RELIEF MAY BE MILES AWAY - EPA Cracks Down On Rural Rest Rooms


COMMEN By Bob Weaver

The availability of public rest rooms, particularly in areas not served by a sewage system, is a real problem in rural West Virginia. Dozens of small Calhoun businesses from beauty parlors and grocery stores to garages, in fact every business not connected to the Grantsville wastewater system, are being required to meet new standards for maintaining a rest room.

Most rural businesses have closed their public restrooms, making it difficult to find the convenience. "The permit is complicated, and besides we cannot afford the fees," said a local business owner.

Another businessman told the The Hur Herald they invested several thousands of dollars in an approved system, but they are still required to go through the process and pay the fees. Most businesses have closed their rest rooms, placing "Employees Only" signs on the door.

The West Virginia Division of EPA, Office of Water Resources, is now enforcing the "underground injection control program." The small businesses are being required to complete an application to license their public rest room. The extensive application requires the owner to develop a topographic map extending one mile from their business site showing water supplies and septic systems.

The business owner is required to declare the average or maximum daily amount of disposal (feces, urine and water) with an analysis of the chemical and biological characteristics. Numerous other requirements are attached to the application. Each business must place a legal advertisement in a local newspaper denoting the permit application.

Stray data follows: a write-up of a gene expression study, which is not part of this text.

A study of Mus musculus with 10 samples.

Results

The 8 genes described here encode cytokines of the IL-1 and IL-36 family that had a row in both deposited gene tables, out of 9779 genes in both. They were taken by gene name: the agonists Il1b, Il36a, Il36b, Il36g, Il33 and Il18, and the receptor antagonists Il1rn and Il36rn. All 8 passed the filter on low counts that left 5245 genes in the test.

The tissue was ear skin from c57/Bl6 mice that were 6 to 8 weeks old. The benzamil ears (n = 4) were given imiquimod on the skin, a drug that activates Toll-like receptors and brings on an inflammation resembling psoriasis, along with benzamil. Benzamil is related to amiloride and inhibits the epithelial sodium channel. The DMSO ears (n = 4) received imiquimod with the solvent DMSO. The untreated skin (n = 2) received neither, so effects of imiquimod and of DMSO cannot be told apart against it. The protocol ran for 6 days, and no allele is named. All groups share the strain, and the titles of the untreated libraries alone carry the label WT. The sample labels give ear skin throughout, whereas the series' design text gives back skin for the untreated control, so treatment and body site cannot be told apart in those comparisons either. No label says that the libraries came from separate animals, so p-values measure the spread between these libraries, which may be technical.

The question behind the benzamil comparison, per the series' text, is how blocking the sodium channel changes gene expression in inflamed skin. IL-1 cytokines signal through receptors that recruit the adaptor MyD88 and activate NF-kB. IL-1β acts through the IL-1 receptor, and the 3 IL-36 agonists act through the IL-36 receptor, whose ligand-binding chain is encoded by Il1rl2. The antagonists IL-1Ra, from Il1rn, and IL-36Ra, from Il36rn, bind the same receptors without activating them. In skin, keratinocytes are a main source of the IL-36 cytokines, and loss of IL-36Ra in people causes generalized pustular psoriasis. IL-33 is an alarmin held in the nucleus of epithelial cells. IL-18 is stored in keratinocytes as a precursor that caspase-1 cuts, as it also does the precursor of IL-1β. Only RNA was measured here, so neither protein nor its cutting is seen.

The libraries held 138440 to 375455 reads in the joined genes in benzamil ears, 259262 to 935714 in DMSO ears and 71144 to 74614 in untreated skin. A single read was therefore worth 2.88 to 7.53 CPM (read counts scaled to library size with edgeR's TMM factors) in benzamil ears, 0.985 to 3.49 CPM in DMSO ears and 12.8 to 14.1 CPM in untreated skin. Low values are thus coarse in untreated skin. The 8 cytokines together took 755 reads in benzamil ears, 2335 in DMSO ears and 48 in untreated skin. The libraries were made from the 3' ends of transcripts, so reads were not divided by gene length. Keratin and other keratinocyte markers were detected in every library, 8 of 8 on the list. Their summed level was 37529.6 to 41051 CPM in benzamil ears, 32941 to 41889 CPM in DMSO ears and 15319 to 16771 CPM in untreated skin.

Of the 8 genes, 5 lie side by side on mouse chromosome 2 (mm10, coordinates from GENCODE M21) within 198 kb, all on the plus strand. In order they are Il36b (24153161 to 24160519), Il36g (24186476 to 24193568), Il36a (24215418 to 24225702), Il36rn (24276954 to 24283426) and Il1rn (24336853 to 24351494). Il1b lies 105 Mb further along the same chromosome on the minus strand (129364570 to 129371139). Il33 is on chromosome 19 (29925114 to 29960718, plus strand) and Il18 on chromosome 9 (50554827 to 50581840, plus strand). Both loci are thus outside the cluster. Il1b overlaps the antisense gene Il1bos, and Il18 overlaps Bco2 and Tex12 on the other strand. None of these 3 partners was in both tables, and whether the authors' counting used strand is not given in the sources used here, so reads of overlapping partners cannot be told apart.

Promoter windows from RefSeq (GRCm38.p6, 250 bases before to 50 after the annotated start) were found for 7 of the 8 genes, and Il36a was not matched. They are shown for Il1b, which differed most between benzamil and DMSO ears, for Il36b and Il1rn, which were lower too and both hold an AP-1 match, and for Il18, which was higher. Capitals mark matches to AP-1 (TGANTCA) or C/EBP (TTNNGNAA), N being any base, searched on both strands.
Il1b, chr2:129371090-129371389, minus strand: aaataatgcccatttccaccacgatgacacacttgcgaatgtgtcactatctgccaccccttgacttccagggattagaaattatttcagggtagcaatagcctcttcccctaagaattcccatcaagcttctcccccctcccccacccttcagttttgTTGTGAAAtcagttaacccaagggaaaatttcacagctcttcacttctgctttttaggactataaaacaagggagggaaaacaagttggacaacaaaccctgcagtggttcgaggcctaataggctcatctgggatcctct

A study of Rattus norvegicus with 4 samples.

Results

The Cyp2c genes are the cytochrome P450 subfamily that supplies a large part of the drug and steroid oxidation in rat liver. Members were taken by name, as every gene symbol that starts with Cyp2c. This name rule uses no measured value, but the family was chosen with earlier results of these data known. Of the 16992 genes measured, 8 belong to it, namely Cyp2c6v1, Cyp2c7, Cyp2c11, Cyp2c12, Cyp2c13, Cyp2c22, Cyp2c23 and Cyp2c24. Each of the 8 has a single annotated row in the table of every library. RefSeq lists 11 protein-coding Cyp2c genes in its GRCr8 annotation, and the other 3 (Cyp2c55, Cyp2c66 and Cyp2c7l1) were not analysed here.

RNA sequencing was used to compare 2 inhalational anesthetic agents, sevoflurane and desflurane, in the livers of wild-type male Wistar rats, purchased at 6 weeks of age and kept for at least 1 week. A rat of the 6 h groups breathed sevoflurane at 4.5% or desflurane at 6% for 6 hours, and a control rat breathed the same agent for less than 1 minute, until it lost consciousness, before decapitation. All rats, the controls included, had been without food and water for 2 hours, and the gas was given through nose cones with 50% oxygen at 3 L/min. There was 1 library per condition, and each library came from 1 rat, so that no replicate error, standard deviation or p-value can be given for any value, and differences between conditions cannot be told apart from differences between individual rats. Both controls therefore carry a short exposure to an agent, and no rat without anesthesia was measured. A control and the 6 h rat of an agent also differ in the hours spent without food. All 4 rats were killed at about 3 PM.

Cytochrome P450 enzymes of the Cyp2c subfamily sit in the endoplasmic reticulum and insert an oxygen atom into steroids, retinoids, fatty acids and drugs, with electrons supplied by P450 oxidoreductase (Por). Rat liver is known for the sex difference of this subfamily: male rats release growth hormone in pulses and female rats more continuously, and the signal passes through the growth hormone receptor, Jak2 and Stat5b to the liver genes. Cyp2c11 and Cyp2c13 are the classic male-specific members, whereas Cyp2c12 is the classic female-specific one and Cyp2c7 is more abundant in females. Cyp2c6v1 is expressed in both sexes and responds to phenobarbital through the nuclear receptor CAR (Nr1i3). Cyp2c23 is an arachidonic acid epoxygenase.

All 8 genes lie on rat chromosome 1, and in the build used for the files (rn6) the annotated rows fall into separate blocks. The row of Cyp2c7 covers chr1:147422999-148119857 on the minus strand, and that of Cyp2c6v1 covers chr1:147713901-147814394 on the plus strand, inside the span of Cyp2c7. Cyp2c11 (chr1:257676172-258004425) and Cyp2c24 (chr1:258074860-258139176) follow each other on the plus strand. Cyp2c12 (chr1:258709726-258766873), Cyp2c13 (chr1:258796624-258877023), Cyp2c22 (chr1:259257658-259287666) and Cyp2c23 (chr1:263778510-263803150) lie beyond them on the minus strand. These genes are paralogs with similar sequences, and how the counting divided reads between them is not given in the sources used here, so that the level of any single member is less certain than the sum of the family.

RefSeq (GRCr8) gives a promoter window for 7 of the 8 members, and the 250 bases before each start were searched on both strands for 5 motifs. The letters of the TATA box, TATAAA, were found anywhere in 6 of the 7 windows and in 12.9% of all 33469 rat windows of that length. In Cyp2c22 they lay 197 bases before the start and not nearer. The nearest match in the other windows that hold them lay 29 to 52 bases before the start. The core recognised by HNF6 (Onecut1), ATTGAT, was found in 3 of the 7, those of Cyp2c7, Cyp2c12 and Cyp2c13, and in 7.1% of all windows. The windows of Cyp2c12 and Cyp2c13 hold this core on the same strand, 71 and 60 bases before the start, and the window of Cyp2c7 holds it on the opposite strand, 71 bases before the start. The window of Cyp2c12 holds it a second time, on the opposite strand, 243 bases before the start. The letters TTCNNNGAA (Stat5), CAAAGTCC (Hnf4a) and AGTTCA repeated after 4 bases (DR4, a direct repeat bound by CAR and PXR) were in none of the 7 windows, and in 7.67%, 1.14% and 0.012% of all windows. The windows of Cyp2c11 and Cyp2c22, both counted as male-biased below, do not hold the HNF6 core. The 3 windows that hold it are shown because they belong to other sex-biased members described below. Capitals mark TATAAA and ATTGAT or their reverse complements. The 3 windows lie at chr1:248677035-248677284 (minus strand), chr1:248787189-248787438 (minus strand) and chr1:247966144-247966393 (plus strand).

The annual toilet permit fee ranges from $50 to $1500, depending upon the volume of disposal. The discharge must be evaluated. The fees are charged despite evidence of approved septic systems.

The EPA appears to be making an assumption "modern" sewage disposal systems are available. In West Virginia only 50% of the state has sewage disposal. Some rural Calhoun businesses are required to have a public rest room, like restaurants or automotive inspection stations. "We do not have the luxury of placing an "Employees Only" sign on our rest room door," said a restaurant owner. "I don't know what we are going to do."

One local business is maintaining a tin can, requesting donations for a "Crapper Fund." Residents may revert to pioneer disposal during their travels, out of view relief behind trees.